Although Eleanor Roosevelt Coach Glenn Farello can point to several reasons why his team has won just five of its 15 games this season, the Raiders' woes at the free throw line may be paramount.

"We've done a pretty good job getting to the foul line -- we're working the ball inside and drawing fouls," he said. "But once we get to the line, that's when we have our problems."

Eleanor Roosevelt has made barely half of its free throws (193 of 346, 55.8 percent), and the Raiders' inability to convert those chances has cost the team victories, including a pair last week.

They were 17 of 28 from the line in a 71-68 overtime loss to Suitland on Jan. 21, and followed that up by making 13 of 23 attempts in a 69-68 loss to Northwestern on Friday.

"If we make our free throws, then there's a good chance those games end differently," Farello said. "But we didn't, and we're just going to have to keep on working on our free throw shooting like we do every day."

The Raiders aren't alone. Only four teams in the Prince George's 4A League entered the week shooting better than 65 percent from the free throw line this season: Laurel (69.9 percent), C.H. Flowers (68 percent), Northwestern (66.3 percent) and Suitland (65.4 percent).

Largo has attempted a league-high 364 free throws and is shooting 61.5 percent from the charity stripe this season -- eighth in the league. Two-time defending league champion Oxon Hill entered the week having converted 221 of its 341 free throw attempts this season (64.8 percent).

Suitland Gets Well

As far as Suitland co-coach Stephany Nolan is concerned, her girls' basketball team's season did not start until early January.

For the first time this season, all 10 Rams were healthy after Nolan and co-coach Thornton Boone spent the first half of the season shuffling the team's lineup to compensate for the loss of of junior forward Raeshawn Mobley and senior center LaToya Butler, who have missed significant amounts of time this season because of ankle and knee injuries, respectively.

Though both returned to the Rams' lineup in a Jan. 7 loss to Oxon Hill, Nolan said she has used the past four games -- all Suitland victories -- to judge the progress of Mobley and Butler.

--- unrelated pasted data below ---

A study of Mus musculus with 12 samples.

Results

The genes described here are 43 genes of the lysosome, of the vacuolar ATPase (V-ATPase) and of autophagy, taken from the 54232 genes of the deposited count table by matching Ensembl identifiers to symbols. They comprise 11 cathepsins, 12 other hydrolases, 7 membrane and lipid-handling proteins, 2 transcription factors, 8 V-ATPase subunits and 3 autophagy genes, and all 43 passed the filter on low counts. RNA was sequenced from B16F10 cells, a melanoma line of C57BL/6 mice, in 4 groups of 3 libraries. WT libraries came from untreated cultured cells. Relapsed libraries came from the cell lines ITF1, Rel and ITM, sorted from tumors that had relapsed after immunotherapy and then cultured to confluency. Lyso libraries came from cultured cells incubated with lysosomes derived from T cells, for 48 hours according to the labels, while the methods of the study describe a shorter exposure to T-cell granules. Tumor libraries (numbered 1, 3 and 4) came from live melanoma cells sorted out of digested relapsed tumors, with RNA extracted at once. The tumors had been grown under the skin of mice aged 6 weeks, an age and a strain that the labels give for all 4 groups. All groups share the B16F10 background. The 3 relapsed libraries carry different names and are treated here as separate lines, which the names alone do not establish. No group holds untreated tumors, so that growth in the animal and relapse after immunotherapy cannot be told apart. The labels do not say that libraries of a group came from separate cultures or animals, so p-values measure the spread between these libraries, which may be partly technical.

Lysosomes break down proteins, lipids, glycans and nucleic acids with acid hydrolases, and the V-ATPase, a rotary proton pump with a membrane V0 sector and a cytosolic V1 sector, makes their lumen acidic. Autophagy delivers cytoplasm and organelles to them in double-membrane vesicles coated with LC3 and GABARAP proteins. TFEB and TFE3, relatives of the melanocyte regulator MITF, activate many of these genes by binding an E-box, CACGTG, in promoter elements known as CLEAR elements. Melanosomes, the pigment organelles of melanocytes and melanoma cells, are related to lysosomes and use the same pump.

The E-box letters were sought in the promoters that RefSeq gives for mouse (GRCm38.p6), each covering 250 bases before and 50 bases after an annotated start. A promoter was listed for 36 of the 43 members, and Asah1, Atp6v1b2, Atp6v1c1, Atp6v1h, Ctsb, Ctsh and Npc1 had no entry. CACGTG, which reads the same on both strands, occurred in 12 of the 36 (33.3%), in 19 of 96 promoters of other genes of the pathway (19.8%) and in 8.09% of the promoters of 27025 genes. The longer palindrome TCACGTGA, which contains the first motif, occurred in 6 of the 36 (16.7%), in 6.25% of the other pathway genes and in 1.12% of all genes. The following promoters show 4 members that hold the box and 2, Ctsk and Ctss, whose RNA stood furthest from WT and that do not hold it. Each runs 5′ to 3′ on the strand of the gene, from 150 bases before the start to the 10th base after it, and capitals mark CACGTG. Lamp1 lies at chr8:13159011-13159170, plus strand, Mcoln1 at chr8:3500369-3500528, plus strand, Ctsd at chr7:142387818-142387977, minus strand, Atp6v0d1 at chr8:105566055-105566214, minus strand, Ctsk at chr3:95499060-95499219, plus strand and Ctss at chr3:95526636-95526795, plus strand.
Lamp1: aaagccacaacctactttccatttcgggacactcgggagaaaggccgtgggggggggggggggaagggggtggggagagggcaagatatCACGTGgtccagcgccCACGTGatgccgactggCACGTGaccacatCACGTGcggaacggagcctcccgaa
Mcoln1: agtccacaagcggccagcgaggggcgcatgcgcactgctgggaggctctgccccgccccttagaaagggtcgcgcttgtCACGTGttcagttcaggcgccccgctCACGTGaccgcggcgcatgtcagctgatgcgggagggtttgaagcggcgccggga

"I think they are back, and I'd say they are pretty close to being 100 percent out there," Nolan said of Mobley (13.2 points per game) and Butler (12.5). "Now is the time where I can really see where we are as a team because we have everyone pretty healthy and I'll see how well we're playing as a team."

Suitland entered the week tied with Oxon Hill and Largo for the top spot in the Prince George's 4A League. The Rams defeated Largo in double overtime, 81-74, on Dec. 13.

During Mobley's and Butler's absence, senior guard Valicia Brown established herself as one of the area's best players. She entered the week averaging 17.9 points per game -- 17th in the area -- to go with 10 rebounds and 2.5 assists.

"Valicia was hidden last year because she came off the bench and never really got the recognition she deserved," Nolan said. "But as a starter this year, she has really given us that leadership we needed and has been doing a lot of good things out there for us."

Lights Go On at High Point

Though his boys' basketball team entered the week 1-13, High Point Coach Dan Hewins said the team has a bright future -- literally.

The 50-year-old school received a new lighting system in the gymnasium, as each of the 36 lamps was replaced with state-of-the-art bulbs donated by the Independent Electrical Contractors Union, which installed the bulbs on Saturday.

The project, estimated to cost about $20,000, turned what was considered one of county's darkest venues into "a court with the same kind of lighting that you would see at Comcast Center or MCI Center," Hewins said.

"I had spent the past few months trying to get bids for the project, but when the union came into my office and told me that they would do it all for free, I almost fell out of my chair," Hewins said.

A team of 25 workers replaced each of the gym's 36 incandescent light fixtures on Saturday with metal halide bulbs that cost $315 apiece. They also realigned the panels on the gymnasium ceiling, Hewins said.

Guard Chuck Hocker and Eleanor Roosevelt seem to prefer shooting in traffic: At the free throw line, the Raiders are making just 55.8 percent of their attempts, and that has proved costly.